Three newly elected Cincinnati council members discuss their priorities

CINCINNATI - Reducing poverty, fighting crime and improving the region's bus system are tops on the to-do list of Cincinnati's newest council members.

Three were elected Tuesday to join six incumbents in determining the city's path the next four years.

Who are they?

Tamaya Dennard has been an aide to council member P.G. Sittenfeld.

Greg Landsman has been with the Strive Partnership.

Jeff Pastor has been a teacher and counselor.

All pledge to work together to tackle the city's biggest challenges.

Dennard finished sixth and Landsman seventh in Tuesday's election. Both have strong ideas about their new jobs.

“The first thing I want to do is make government more accessible to people,” said Dennard. “So, I want to move council times from 2 p.m. to 6 p.m. so more people can engage with the government.”

“You've got to be inclusive and make sure that those who are most affected are involved,” said Landsman.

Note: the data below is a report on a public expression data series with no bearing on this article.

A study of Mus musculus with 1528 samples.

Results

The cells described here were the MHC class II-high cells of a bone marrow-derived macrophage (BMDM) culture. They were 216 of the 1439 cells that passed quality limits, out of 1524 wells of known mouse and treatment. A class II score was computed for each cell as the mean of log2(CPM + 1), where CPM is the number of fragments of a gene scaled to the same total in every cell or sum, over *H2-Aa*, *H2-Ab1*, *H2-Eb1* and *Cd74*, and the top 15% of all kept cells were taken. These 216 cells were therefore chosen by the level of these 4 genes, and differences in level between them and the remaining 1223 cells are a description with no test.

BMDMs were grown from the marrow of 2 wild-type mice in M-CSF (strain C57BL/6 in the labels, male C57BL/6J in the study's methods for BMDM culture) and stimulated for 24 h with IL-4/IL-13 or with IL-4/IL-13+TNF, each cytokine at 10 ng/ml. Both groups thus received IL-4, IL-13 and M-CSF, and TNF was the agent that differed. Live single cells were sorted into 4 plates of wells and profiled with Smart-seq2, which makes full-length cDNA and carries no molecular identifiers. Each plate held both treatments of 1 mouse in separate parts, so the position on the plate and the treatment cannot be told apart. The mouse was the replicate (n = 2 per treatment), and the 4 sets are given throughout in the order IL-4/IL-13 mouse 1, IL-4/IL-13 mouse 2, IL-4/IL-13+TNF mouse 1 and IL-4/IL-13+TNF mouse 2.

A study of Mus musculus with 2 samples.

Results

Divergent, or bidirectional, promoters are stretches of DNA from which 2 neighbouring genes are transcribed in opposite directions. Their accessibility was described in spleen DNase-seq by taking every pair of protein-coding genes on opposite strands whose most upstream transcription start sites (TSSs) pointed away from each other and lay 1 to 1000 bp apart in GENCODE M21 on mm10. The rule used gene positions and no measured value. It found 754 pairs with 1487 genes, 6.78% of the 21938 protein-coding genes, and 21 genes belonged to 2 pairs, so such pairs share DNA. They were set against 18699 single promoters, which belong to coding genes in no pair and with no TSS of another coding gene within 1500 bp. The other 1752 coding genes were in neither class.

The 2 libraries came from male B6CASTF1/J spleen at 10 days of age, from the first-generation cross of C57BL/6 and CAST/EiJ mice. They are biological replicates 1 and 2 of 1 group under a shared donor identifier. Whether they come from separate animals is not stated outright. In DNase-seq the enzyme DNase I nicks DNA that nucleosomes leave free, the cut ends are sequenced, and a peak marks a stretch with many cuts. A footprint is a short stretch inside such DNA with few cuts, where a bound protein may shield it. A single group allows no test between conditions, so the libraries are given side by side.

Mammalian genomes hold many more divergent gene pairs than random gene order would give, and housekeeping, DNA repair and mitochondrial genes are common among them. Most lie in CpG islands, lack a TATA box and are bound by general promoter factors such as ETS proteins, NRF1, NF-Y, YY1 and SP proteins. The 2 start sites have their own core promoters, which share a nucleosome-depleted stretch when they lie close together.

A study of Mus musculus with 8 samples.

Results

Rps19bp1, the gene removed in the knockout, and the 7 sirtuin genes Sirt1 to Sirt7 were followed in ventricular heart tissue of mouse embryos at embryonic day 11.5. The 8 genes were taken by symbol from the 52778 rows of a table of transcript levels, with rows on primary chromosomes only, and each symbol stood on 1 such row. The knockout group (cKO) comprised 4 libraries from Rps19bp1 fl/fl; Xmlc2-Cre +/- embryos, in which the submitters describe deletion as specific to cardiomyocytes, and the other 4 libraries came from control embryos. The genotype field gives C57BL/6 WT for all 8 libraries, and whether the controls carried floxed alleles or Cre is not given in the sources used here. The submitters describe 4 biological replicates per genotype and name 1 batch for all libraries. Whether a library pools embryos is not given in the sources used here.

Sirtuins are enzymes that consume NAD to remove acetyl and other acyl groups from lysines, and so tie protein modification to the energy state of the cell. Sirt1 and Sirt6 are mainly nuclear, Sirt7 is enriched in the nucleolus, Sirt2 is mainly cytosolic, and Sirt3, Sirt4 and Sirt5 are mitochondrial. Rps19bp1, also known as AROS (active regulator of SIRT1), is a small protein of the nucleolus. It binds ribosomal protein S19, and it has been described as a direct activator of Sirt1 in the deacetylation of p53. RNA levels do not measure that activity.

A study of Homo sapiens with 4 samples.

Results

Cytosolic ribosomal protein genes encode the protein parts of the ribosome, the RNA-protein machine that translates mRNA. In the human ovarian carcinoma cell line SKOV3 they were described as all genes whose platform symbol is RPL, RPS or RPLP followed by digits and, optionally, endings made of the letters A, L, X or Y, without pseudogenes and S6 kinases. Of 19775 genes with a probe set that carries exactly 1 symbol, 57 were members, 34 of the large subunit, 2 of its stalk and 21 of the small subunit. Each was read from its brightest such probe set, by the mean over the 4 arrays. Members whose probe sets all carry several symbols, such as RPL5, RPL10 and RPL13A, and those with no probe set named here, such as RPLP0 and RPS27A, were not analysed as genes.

Pastor finished ninth in the race.

 “I always belief that there can be no political freedom until we first have economic freedom,” Pastor said.  

They will be sworn in on Jan. 2 to replace Yvette Simpson, who lost her bid for mayor; Charles Winburn, who was term limited, and Kevin Flynn, who didn't run for a second term.

Dennard's top priority is bus transportation.

“We need to look at how we can make our transportation system more equitable early on without costing more money,” Dennard said.

Landsman's eye is on the less fortunate.

“It's always going to be about children and families and for me — getting wages up, working with our employers to incentivize higher wages so we can lift families and children out of poverty.” 

Pastor's agenda will be much the same.

“We've always stated that we want to reduce poverty.  We always want to reduce crime.  We always want to reduce taxpayer cost.  It starts with a sound fiscal budget,” Pastor said. 

Those are many of the items on Mayor John Cranley's to-do list as well.

“I hope they will collaborate the way I always have, which is reach out to everybody, work with everybody,” Cranley said.

 Pastor was just 317 votes ahead of the 10th-place finisher, Michelle Dillingham, so the 1,147 provisional ballots in the city have to be counted. That will happen in about two weeks.